Good Debt and Bad Debt
Good debt. Most people are afraid of debt. Most people have experienced debt or currently have some kind of debt.
Yet most rich people have tons of debt.
There are two kinds of debt: Good Debt and Bad Debt.
When regular people think of debt they are usually thinking of bad debt.
Bad debt is the kind of debt you get by purchasing consumer goods that depreciate and that don’t provide any kind of financial return. For example, your car, your trips, furniture, clothes, etc.
I’m not saying don’t enjoy those things … just don’t go into debt to buy them. Don’t put these things on your credit card and carry balances from month to month.
Don’t take out loans to buy a new car.
I know people think that’s crazy … what do you mean I can’t buy a new car … I can’t afford a new car without taking out a loan. Then you can’t afford a new car if you have to take out a loan. You should be putting money aside every month every year to save up to be able to buy a car without a loan. Those are expensive loans.
And you should only be buying these things only after you have your savings and investment program well under control.
Usually, this debt starts as credit card debt or consumer debt. And this debt has a very high-interest rate. Most credit cards charge 18%, 19%, 20% and can take a long time to pay off. So, not only are you incurring that debt but you are carrying it over many years because most people only pay the minimum balance.
You should never borrow for consumer products.
Save first and then purchase what you want or need. And even then … make sure you really need these items.
Good debt, on the other hand, is debt that is used to acquire an investment.
An investment is something that you buy that’s going to provide a return that’s going to offset any kind of debt payment that you have.
For example, you can borrow money from a bank to purchase a rental property, or from investors to acquire a Lease Option, or even take out a loan to invest in higher-return mortgages.
There are all kinds of ways to make money outside of your normal RRSP or mutual fund type of investments.
As long as you are getting a positive cash flow then it is good debt (no, your boat or jewelry is not considered an investment). And if your investment also appreciates, that is a bonus.
Your personal residence is not good debt.
People think, oh I have to live somewhere. If you aren’t structuring your home purchase properly, then you are actually losing money by putting money into your home and not using that money to get a return. I have helped people actually figure out how to use their home to accumulate wealth and at the same time pay for their mortgage on a regular basis.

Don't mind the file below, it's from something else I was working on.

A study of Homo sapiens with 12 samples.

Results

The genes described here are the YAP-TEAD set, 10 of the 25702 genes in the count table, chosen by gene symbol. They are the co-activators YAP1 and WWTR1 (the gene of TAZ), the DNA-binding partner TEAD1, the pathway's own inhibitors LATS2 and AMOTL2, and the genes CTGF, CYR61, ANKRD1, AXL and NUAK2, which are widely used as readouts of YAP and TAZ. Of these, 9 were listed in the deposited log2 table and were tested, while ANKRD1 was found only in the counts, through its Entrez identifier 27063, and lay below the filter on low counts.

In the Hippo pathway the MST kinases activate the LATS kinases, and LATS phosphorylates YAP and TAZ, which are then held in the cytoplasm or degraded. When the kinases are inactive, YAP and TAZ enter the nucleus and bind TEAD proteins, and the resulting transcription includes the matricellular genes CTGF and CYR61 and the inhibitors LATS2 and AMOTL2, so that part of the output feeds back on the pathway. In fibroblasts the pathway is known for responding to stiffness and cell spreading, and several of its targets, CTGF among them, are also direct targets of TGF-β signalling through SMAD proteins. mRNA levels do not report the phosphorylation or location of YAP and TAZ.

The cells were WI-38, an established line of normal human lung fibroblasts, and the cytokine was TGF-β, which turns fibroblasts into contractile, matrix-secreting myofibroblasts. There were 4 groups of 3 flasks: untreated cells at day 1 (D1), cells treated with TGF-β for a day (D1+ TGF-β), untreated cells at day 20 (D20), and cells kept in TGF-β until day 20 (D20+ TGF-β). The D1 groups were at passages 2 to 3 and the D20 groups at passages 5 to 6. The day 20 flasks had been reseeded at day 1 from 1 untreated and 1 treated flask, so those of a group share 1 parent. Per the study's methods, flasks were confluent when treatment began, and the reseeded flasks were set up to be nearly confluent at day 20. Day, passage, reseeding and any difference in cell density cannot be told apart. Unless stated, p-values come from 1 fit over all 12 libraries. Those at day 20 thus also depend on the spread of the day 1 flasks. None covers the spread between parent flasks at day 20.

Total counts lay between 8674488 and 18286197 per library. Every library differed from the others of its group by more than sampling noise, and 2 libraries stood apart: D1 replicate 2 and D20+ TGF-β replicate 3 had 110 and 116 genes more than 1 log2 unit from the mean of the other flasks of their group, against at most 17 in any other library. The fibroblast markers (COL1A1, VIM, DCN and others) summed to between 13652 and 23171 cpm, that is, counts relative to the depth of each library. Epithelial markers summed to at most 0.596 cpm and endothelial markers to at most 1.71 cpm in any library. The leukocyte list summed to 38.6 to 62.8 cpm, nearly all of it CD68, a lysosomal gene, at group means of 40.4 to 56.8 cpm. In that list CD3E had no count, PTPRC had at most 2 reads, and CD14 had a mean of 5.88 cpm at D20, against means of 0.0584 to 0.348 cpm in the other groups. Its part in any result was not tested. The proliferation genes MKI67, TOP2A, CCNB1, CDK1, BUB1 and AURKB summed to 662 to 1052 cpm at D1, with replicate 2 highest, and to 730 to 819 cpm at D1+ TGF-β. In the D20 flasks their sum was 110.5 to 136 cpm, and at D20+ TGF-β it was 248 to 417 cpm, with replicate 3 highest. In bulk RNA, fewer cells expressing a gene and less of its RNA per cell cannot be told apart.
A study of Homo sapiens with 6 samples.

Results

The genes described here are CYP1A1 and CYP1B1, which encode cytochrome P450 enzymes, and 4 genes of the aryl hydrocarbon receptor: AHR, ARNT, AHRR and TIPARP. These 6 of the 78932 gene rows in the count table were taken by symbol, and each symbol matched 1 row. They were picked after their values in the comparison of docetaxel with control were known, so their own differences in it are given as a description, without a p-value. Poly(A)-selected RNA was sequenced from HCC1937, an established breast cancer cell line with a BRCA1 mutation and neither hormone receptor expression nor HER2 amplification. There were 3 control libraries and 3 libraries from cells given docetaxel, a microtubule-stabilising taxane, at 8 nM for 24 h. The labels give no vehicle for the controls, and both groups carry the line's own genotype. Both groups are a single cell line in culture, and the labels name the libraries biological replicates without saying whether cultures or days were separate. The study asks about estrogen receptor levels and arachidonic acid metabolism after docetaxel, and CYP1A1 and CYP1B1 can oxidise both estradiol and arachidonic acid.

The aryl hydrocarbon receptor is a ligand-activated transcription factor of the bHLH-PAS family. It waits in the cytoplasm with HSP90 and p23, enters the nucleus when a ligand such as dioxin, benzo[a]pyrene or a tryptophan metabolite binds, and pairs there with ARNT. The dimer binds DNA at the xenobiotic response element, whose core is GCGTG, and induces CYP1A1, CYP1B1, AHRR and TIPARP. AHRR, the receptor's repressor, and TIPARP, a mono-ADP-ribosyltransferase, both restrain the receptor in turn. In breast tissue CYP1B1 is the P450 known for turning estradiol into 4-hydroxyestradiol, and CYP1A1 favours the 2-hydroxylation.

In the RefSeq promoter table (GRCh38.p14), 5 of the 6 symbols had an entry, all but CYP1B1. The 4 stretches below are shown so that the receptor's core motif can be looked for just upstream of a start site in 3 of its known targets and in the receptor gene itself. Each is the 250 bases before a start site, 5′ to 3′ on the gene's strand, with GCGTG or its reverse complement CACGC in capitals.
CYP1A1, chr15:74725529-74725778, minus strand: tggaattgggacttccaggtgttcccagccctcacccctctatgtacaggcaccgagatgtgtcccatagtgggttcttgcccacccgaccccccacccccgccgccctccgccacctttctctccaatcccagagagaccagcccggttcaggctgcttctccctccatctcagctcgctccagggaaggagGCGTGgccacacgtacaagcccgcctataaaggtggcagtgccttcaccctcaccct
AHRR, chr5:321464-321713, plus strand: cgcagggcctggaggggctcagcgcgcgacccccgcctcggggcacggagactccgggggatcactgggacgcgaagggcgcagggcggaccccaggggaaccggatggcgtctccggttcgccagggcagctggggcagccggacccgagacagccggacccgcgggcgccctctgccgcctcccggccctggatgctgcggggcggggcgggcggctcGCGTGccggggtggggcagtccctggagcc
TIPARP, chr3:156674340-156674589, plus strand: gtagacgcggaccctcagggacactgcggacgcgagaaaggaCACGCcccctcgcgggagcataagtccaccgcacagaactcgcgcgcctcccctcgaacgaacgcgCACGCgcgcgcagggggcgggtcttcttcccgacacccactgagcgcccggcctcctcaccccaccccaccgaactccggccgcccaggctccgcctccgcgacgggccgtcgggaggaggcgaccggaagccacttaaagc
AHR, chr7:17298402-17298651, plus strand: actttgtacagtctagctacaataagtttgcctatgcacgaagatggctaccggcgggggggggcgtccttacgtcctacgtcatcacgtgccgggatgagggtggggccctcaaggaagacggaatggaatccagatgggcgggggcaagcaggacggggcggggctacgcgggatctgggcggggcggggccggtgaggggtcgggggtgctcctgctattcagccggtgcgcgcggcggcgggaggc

It amazes me that people are afraid to take on this debt because they are afraid that they might get stuck with the monthly payments.
For example, if you own a rental property and the rental unit is empty, how do you make their monthly mortgage, insurance, and tax payments?
Proper planning and vacancy reserves will fix that.
What that means is if you ever have a vacancy you’ve got some money set aside to offset your lost rents. I recommend always having six months of reserves in place to handle such things as vacancies or any kind of unexpected maintenance
For example, if your property is renting out at $1,000 a month you should have $6,000 in the bank in your investment account to be able to weather the storm for any of those problems.
Yet somehow these same people are OK purchasing a new stereo on credit and making the monthly payments because they don’t have the money to pay off the balance every month.
Because people have had so many bad experiences with bad debt, they are very hesitant to take on any good debt.
I see this every day with people who own their own home and have their home completely paid off. They are proud of the fact that they are mortgage-free. They are sitting on this big pool of dead equity that isn’t earning them anything except for the appreciation, and that only helps them if they sell.
They think it’s the greatest thing they’ve ever done. They bought their house for $80,000 35 years ago and now it’s worth $300,000. “Did I ever do good on that investment”. Well no …. not if you don’t sell it. And where will you live if you do sell?
If they were to take out a mortgage on their home for let’s say 3% (roughly today’s rate) and invest it in high ratio mortgages or any other investments at say 13% (the average returns that I guarantee my investors) they would make an easy 10% profit.
If your home is worth $300K and you took out an 80% loan to value mortgage, you would have $240K to invest. At 10%, that would be approximately $24K extra income per year. Not bad for just refinancing your home.
I don’t know about you but most people would like to see an extra $2,000 coming in every month. People look at it as it’s a risk. But if it’s done properly you can reduce that risk.
So you really need to look at good debt as a way of making investment opportunities available to you so that you can earn extra money on a regular basis.
Rich people aren’t rich because they make more money. Rich people are rich because they know how to manage their money. And they know how to manage their good debt.